Summer 'Dead Zone' Nearly 5.4K Square Miles in Gulf of Mexico
NOAA is forecasting a summer “dead zone” in the Gulf of Mexico that will be approximately 5,364 square miles, making it about average for the 35-year history of the summertime dead zone measurements in the region. The forecast is lower than last year’s measured size and slightly lower than the five-year average measured size of 5,380 square miles.
The dead zone, or hypoxic area, is an area of low oxygen that can kill fish and other marine life. It occurs every summer and is primarily a result of excess nutrient pollution from human activities in cities and farm areas throughout the Mississippi River watershed.
When the excess nutrients reach the Gulf, they stimulate an overgrowth of algae, which eventually die and decompose, depleting oxygen as they sink to the bottom. The resulting low oxygen levels near the bottom of the Gulf cannot support most marine life. Fish, shrimp and crabs often swim out of the area, but animals that are unable to swim or move away can be stressed or killed.
“The Gulf dead zone remains the largest hypoxic zone in United States waters, and we want to gain insights into its causes and impacts,” said Nicole LeBoeuf, Assistant Administrator of NOAA’s National Ocean Service. “The modeling we do here is an important part of NOAA's goal to protect, restore and manage the use of coastal and ocean resources through ecosystem-based management.”
This is the fifth year NOAA has produced a dead zone forecast using a suite of models jointly developed by the agency and its partners — teams of researchers at the University of Michigan, Louisiana State University, William & Mary’s Virginia Institute of Marine Science, North Carolina State University, Dalhousie University and the U.S. Geological Survey (USGS), who provided the Mississippi River nutrient loading data for the models. NOAA integrates the results of these multiple models into an aggregate forecast and releases the forecast in coordination with these external groups, some of whom are also developing independent forecasts.
The USGS measures nutrient levels using more than 3,500 real-time stream gages, 68 real-time nitrate sensors, and 38 long-term monitoring sites in rivers throughout the Mississippi-Atchafalaya watershed. These data are used to track long-term changes in nutrient inputs to the Gulf and to build models of nutrient sources and hotspots within the watershed.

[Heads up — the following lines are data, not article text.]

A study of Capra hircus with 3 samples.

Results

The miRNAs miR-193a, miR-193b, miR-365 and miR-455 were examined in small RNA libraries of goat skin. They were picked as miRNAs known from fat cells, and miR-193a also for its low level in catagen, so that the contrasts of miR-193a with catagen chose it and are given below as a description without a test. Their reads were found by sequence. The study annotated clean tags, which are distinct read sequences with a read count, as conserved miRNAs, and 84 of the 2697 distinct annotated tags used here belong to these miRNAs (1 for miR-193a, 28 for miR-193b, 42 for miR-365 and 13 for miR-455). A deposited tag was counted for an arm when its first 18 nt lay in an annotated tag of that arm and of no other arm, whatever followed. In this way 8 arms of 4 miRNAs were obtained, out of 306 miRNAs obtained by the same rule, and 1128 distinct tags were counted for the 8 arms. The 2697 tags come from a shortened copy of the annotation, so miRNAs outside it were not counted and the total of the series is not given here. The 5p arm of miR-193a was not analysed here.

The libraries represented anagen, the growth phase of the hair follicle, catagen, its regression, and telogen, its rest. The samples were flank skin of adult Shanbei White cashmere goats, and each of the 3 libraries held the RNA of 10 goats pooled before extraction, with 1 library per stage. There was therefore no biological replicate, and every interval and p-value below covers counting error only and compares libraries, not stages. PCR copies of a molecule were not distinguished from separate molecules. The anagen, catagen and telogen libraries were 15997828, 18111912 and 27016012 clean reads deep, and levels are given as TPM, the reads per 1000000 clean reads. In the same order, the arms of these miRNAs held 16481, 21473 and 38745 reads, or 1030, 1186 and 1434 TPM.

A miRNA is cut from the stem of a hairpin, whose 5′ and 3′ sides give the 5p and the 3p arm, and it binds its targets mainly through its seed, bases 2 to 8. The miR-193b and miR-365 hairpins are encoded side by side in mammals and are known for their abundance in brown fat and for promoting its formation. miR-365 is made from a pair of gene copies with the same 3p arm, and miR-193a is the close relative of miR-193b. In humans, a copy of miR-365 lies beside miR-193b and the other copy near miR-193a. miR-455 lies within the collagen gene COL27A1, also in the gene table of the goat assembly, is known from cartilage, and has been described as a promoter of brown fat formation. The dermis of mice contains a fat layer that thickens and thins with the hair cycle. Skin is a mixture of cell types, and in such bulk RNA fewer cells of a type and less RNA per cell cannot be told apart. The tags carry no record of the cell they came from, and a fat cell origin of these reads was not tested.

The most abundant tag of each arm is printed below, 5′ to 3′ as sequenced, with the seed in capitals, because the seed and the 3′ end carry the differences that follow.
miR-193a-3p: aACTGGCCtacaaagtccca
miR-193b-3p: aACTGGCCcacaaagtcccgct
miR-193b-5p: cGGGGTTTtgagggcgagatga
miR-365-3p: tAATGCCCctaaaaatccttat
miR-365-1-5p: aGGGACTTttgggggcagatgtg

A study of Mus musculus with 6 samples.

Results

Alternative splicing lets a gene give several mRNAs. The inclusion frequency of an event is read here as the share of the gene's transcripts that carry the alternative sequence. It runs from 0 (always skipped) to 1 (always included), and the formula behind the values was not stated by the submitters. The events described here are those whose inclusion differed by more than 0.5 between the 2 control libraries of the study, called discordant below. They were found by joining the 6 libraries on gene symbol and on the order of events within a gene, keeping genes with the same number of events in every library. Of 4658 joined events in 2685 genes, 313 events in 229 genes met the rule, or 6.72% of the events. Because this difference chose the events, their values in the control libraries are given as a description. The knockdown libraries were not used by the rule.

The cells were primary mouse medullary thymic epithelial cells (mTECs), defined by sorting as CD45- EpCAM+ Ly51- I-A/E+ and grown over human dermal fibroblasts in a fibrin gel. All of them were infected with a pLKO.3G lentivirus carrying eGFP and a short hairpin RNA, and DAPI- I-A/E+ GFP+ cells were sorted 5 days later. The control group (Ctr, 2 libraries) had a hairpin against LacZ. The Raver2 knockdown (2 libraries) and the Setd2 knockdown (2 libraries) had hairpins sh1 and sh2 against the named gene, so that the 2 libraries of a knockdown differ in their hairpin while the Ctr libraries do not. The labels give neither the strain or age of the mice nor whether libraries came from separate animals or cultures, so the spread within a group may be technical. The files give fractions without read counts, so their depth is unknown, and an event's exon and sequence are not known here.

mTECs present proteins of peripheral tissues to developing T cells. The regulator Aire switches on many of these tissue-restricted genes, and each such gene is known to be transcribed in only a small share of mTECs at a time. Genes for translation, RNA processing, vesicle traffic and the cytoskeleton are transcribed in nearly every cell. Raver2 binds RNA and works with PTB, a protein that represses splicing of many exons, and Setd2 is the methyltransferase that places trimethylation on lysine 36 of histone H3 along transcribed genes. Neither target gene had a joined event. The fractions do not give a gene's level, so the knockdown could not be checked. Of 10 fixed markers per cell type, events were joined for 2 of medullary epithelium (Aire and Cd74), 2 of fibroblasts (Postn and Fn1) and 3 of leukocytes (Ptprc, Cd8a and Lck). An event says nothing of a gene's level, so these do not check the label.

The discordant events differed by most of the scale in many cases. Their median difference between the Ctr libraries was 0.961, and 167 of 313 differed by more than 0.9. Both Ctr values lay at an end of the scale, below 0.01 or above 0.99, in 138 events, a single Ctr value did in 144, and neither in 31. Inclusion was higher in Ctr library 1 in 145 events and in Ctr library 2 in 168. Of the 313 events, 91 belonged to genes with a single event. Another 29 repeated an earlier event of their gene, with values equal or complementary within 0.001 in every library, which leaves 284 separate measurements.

“Long-term USGS monitoring shows that nitrogen loading to the Gulf decreased then stabilized since 1985, while phosphorus loading increased during part of that same period,” said Don Cline, Associate Director of the USGS Water Resources Mission Area. “A new USGS study indicates these trends are partly explained by nutrient inputs like fertilizer, but notes other factors such as agricultural management practices and nutrients accumulated in the past were also likely important, particularly for phosphorus.”
The Mississippi River watershed, which encompasses over 40% of the continental U.S and crosses 22 state boundaries, is made up of farms (yellow), cities (red), and natural lands (green). Nitrogen and phosphorus pollution in runoff and discharges from agricultural and urban areas are the major contributors to the annual summer hypoxic dead zone in the Gulf of Mexico (gray). (USGS)
The Interagency Mississippi River and Gulf of Mexico Hypoxia Task Force has set a long-term goal of reducing the dead zone to 1,900 square miles. NOAA’s hypoxia forecast models and USGS monitoring of nutrients in rivers help to predict how hypoxia in the Gulf of Mexico is linked to nutrients coming from throughout the Mississippi River Basin. The Task Force uses the information the two agencies produce to inform nutrient reduction targets across the Mississippi watershed states.
Through the Bipartisan Infrastructure Law, the U.S. Environmental Protection Agency (EPA) is investing $60 million over the next five years to support the implementation of nutrient reduction strategies that will address the challenge of Gulf hypoxia. “The Hypoxia Task Force has a transformational opportunity to further control nutrient loads in the Mississippi River Basin and reduce the size of the hypoxic zone using Bipartisan Infrastructure Law funding,” said John Goodin, director of U.S. EPA Office of Wetlands, Oceans and Watersheds. “This annual forecast is a key metric for assessing the progress the Hypoxia Task Force is making.”
To confirm the size of the hypoxic zone and refine the forecast models, a NOAA-supported monitoring survey is conducted each summer. While the forecast assumes typical coastal weather conditions, the measured dead zone size could be disrupted by major weather events, such as hurricanes and tropical storms.
NOAA and its partners continue to develop additional hypoxia forecast capabilities to understand impacts on living marine resources, including a tool to visualize future scenarios of fish biomass with and without nutrient reduction actions.